Friday, June 17, 2016

The Wiseacre Duos: They Might Be Giants, Part II

After the success of Flood, produced for They Might Be Giants' new label Elektra, old label Bar/None released Miscellaneous T, a collection of very eclectic tunes previously available only as B-sides or on EPs.  Many TMBG tracks are accused of being "novelty songs" due to their deviance from traditional arrangements and unusual lyrics.  Sometimes the accusation is unfounded, but for this collection....Truly oddball things like "I'll Sink Manhattan" and "Mr. Klaw" fit that bill, and showcase the duo's eccentric darkness perfectly.  I also find "For Science" to be one of their funniest songs (the backup singers really cap it off).  Elsewhere, there are remixes of "Don't Let's Start" and "(She Was A) Hotel Detective" and could've been singles like "Hey Mr. DJ, I Thought We Had a Deal".  MT also features the infamous conversation (recorded on the Dial-A-Song answering machine) between two New Yorkers who screw up the band's name and inquire how our boys make money recording these weird songs.  The woman sounds like my aunt who lives in Bensonhurst. 

Apollo 18 came in 1992 and continued the mad duo's gleeful march through all sorts of genres. The production became more elaborate.  The space theme of the album was a natural as '92 was in fact declared International Space Year and NASA gave TMBGs the honor of being musical ambassadors for the event.  There is some seriously good harmonization to be found within, and even the occasional rocker like "Dig My Grave".   A generous redo of The Token's "The Lion Sleeps Tonight" forms "The Guitar (The Lion Sleeps Tonight)", albeit with far more cryptic lyrics.  The two Johns' delirious wordplay is in evdience on "I Palindrome I" and "Dinner Bell", inspired by Pavolian experimentation.  "Spider" sounds like the theme to a (demented) cartoon.  And then there's "Fingertips",  which allow provocateurs Linnell and Flansbergh to toss off snippets, some only a few seconds long, that will intersperse throughout the album via your CD player's shuffle feature.  If you listen to "Fingertips" in order, a narrative suggesting birth to death may emerge, depending on your cranium.

The educational tune "Why Does the Sun Shine?(The Sun is a Mass of Incandescent Gas)" and three other tracks were released on an EP in 1993. The title song was a delightful remake of an old Hy Zaret tune.  It was the first time the Giants would do something resembling a kiddie offering, a genre with which the guys would have great success in the future. Covers of The Allman Brothers'  "Jessica" and The Meat Puppets'  "Whirlpool" were also included.

In 1994, for the album John Henry,  TMBG became a full band, adding members who formed a rhythm section.  Previously, John and John used synthesized tracks and a drum machine.   The guys had actually utilized musicians during their previous tour.  For the new record, the sound was bigger, more guitar driven.  The songs were longer.  For me, it didn't quite work.  It continues to be one of their most frustrating albums in that great ideas - including a ref to Ginsberg's "Howl"- did not translate to musically interesting songs.  The lyrics are always amusing in a Giants tune, but the arrangements this time out were too traditional.  The only ones that work are "Meet James Ensor", a characteristically short and sweet ditty which evokes memories of Belgian's famous painter, and "Extra Savoire Faire" with its nice horn hook and Flansburgh's appropriately haughty vocal work.  The rest is just, well, dull, including the misguided a capella "O Do Not Forsake Me", which should've worked but is oh so heavy handed.   I've tried and tried with John Henry, to no avail.  I do enjoy reading the lyric sheet.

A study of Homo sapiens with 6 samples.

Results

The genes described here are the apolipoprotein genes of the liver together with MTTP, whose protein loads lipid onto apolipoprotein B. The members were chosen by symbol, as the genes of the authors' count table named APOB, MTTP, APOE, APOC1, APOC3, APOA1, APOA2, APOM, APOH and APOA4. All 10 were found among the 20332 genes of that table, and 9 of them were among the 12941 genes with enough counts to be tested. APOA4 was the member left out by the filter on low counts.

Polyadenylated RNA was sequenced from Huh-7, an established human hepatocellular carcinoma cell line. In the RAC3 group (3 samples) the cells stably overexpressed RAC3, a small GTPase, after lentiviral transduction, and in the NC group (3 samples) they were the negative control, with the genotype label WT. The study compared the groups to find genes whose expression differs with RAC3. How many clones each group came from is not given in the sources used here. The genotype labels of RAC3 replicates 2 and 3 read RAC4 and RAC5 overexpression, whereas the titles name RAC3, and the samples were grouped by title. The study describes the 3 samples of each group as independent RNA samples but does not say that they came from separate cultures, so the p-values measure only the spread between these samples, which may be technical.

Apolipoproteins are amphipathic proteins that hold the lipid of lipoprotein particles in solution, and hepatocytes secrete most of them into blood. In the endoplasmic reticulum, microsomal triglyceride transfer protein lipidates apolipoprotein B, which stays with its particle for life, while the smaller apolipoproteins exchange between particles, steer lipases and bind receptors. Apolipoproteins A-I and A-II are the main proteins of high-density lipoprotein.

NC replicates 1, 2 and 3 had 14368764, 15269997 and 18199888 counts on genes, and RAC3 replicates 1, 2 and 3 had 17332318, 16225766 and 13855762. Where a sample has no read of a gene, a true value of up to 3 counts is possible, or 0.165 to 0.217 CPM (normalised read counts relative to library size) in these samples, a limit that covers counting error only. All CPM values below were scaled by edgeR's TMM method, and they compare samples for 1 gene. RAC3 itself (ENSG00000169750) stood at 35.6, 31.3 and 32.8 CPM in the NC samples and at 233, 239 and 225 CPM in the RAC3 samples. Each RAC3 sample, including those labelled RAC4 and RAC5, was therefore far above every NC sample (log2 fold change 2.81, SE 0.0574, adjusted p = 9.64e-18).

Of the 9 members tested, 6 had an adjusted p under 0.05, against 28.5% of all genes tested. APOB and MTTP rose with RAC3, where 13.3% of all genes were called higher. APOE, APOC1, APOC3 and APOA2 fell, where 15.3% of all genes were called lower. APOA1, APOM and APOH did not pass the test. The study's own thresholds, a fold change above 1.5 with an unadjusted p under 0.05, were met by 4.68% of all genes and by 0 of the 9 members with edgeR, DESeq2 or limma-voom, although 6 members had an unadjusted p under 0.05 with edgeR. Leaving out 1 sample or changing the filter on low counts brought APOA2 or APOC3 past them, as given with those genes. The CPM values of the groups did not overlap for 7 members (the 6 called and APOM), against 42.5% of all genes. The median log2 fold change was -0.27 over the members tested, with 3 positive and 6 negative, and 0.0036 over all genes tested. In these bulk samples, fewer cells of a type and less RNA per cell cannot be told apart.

Factory Showroom followed in '96 and it was clear that They Might Be Giants were attempting to recapture the old spirit, even as they added guitarists.  It's a decent if undistinguished album. "S-E-X-X-Y" and "XTC vs. Adam Ant" are too self-conscious. "I Can Hear You" is a gimmick - recorded on a wax cylinder phonograph at the Edison Museum in New Jersey. My favorites are "Exquisite Dead Guy", good old creative weirdness, "James K. Polk", a catchy history lesson about out eleventh U.S. President, and the straight-ahead, somewhat sentimental ode to the Big Apple "New York City", which could easily be included in any travelogue or film documenting the Johns' adopted hometown.

The partially live album Severe Tire Damage was released in 1998.  Some tracks were merely recorded live with different (mostly unfavorable) arrangements, while the "Planet of the Apes" tracks were done in front of an audience.  As with many artists, a live album fails to recreate the excitement of being there.  The studio track "Dr. Worm" is also on the album, and it by contrast is a dandy.

Next time: The Johns exploit the Internet for more and more of their gems and a new studio album (with some older material) revives their mojo, even with a very unfortunate release date.